Monday, June 4, 2012

Millwater's Farriery: Default Horseshoeing...

   Okay.  Obviously no real farrier shoes every horse the same way.  Each animal is an individual with different conformation, soundness issues, and performance needs.  But most farriers do evolve a baseline shoeing approach, then adapt from there to suit the case at hand.

   I developed a preference for rim (full swedged) shoes early-on.  They provide good traction on a wide array of surfaces without the ligament and joint punishing effects of calks.  When the St. Croix Rim Lite came onto the market, it soon became my 'go-to' keg shoe, and remains so despite about a zillion fancy new shoes that have been introduced since. (Although I do use some of these on occasion.)

   The St. Croix Rim Lite has some pretty handy features.  One of which is that it is... well... light.  I've always tried to keep shoes as light as would get the job done in a practical manner, and this shoe is just about right.  Thick enough to last for one reset on most horses who actually need shoes.

   The shoe also has a sort of rolled outer edge, especially at the toe.  This makes it work like a hybrid of rim and half-round shoes.

St. Croix Rim Lite horseshoes...
Center = Fresh out of box.
Left = Shaped for typical fore w/ rockered toe.     Right = Hind shaped.

   Something most don't notice is that the St. Croix Rim Lite isn't a true rim shoe out of the box... It's a barrel shoe, with the outer edge being more pronounced than the inner.  But, if one hammers the hoof-facing side of the shoe while leveling, the inner edge gets pushed down to the anvil face, level with the outer.  This leaves the hoof side of the shoe sloped away from the sole, making it easier to apply the shoe without needing to trim away extra horn to prevent sole pressure.

   Front shoes I usually fit plenty full from the heel quarters back, well-boxed to prevent being stepped-off.  Unless there is a particular reason not to do so, I like to fit front shoes on riding horses* with rockered toes.  This improves efficiency of movement, decreasing stress on the hoof capsule, as well as the tendons and ligaments of the foot and limb.  It also provides much the same utility as a clip, keeping the shoe from being driven-back on the hoof.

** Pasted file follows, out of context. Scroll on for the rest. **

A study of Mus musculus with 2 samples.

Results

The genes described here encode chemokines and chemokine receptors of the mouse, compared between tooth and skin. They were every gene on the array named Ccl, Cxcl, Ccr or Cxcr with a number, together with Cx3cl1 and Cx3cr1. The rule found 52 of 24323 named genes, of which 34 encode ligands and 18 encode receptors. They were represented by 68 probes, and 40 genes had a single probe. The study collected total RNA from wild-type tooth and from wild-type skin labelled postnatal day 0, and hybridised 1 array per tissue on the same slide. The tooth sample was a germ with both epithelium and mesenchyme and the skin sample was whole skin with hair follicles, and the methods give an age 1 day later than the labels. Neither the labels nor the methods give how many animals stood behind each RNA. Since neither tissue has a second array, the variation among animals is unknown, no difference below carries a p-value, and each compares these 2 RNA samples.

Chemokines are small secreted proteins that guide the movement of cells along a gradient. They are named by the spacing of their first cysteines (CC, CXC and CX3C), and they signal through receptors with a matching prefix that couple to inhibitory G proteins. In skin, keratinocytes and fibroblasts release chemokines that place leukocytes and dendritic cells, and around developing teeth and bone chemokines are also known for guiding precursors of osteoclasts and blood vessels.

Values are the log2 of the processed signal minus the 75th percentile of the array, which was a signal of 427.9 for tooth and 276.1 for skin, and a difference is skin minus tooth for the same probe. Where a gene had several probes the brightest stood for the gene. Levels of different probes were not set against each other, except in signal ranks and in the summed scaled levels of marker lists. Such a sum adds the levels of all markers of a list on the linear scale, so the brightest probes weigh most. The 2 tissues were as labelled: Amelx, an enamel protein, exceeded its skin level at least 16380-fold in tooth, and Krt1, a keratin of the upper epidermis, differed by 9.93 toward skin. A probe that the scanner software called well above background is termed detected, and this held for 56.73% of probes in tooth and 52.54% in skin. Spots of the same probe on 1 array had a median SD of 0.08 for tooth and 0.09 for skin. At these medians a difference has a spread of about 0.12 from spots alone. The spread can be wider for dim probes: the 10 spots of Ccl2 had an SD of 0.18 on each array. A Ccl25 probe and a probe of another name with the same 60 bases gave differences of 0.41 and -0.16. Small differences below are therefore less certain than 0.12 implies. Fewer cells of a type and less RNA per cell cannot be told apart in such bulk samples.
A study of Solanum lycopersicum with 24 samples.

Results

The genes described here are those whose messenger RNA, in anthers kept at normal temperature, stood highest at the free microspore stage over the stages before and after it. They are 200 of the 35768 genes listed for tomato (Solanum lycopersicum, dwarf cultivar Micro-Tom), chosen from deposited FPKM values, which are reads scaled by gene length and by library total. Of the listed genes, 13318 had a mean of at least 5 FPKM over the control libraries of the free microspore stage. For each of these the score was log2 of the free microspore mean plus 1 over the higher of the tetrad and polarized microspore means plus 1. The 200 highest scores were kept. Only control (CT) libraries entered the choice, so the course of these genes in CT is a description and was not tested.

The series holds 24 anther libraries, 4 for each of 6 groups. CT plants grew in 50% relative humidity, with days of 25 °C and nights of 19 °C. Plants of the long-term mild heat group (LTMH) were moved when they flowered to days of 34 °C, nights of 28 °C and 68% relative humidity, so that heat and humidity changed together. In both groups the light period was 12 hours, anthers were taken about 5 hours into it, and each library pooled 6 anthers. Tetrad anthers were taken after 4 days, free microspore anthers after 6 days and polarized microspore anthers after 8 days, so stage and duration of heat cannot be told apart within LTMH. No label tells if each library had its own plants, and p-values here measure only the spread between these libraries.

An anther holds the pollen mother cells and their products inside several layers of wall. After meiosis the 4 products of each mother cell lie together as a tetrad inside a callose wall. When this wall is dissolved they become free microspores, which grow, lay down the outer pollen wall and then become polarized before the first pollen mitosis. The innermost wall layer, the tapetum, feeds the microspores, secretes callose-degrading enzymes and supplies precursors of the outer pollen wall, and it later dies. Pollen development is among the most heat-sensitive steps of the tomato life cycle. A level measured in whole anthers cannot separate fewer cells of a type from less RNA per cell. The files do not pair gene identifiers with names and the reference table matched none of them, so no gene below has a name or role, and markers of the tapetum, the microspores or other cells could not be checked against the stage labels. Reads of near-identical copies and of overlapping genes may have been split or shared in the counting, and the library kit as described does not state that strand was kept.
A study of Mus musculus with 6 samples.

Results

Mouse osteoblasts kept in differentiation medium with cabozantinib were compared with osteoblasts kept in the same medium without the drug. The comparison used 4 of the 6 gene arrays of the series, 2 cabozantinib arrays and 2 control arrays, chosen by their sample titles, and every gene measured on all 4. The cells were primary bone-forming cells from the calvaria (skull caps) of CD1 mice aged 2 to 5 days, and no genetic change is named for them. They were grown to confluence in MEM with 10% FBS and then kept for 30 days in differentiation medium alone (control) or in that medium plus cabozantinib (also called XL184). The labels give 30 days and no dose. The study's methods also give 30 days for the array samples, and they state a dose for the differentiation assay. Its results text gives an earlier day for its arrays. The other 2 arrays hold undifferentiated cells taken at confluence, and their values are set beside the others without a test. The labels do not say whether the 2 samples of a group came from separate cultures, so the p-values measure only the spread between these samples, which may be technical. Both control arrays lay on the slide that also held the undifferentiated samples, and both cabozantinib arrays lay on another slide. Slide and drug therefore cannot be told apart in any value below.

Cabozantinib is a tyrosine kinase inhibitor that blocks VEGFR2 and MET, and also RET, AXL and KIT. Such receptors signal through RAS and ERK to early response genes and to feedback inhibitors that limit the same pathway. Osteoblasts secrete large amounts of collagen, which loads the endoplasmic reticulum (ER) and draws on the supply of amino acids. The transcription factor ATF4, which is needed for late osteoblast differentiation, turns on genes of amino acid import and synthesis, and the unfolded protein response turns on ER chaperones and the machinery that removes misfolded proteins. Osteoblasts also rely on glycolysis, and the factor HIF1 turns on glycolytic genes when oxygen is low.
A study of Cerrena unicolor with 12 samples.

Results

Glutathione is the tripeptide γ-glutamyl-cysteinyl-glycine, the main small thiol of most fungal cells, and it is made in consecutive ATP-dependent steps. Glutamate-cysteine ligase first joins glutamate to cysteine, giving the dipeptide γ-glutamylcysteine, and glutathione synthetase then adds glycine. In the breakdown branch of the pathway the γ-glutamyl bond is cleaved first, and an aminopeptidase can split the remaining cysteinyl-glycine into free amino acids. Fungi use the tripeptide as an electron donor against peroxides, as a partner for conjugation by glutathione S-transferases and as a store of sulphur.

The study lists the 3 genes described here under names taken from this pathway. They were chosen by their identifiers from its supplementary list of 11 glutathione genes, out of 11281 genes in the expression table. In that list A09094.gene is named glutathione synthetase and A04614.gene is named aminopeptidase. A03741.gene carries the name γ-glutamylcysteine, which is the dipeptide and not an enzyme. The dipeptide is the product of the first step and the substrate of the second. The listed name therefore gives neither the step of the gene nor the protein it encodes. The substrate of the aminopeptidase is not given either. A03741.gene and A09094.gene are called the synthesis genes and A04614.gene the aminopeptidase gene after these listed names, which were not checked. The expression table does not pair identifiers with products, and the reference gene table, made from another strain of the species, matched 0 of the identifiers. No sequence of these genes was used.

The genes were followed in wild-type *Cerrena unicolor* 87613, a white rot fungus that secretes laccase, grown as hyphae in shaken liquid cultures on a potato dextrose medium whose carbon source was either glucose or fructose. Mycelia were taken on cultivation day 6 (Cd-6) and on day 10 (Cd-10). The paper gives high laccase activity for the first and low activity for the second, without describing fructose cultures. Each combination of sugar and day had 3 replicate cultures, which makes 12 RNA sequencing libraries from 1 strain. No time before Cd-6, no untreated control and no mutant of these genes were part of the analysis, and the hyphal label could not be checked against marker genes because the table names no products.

One complaint about keg shoes in general is that most of them are designed so that the fourth nails back are behind the widest point of the hoof, especially when the shoe is shaped for a front foot...  Fortunately, there's no rule requiring farriers to use every nail hole.  I often go with six (on riding-size horses), and omit the rear holes.  In other cases, I'll use seven nails, including the medial fourth hole.  The way I shoe, few horses will pull shoes while going forward.  But they will sometimes step on the medial heel quarter of one front shoe with the other front hoof while stomping or shuffling around.

   On most horses I apply the Rim Lite more-or-less with a flat perimeter fit to the rear hooves.  Usually rather long at the heels for extra support, like a more subtle form of extended heels.  Horses produce their forward impulsion by driving off the toes of the rear hooves, so it is generally counterproductive to ease breakover too much in the hinds, especially in performance horses.  But for animals with short-body, long-legged conformation, it may sometimes be wise to fit a squared and/or set-back toe, sacrificing a little drive power to avoid damage to the front feet from forging or overreaching.

   As with fores, I often go with just the front six nails in hind riding horseshoes.  When I opt for seventh, it's usually the lateral heel nail.  This seems to counter most problems with horses who tend to torque the foot and shift the shoe side-to-side.  I rarely find clips necessary with flat Rim Lites on horses with reasonably normal limb conformation.

   * Draft horses working in harness are a different story in both the way they move and shoeing needs.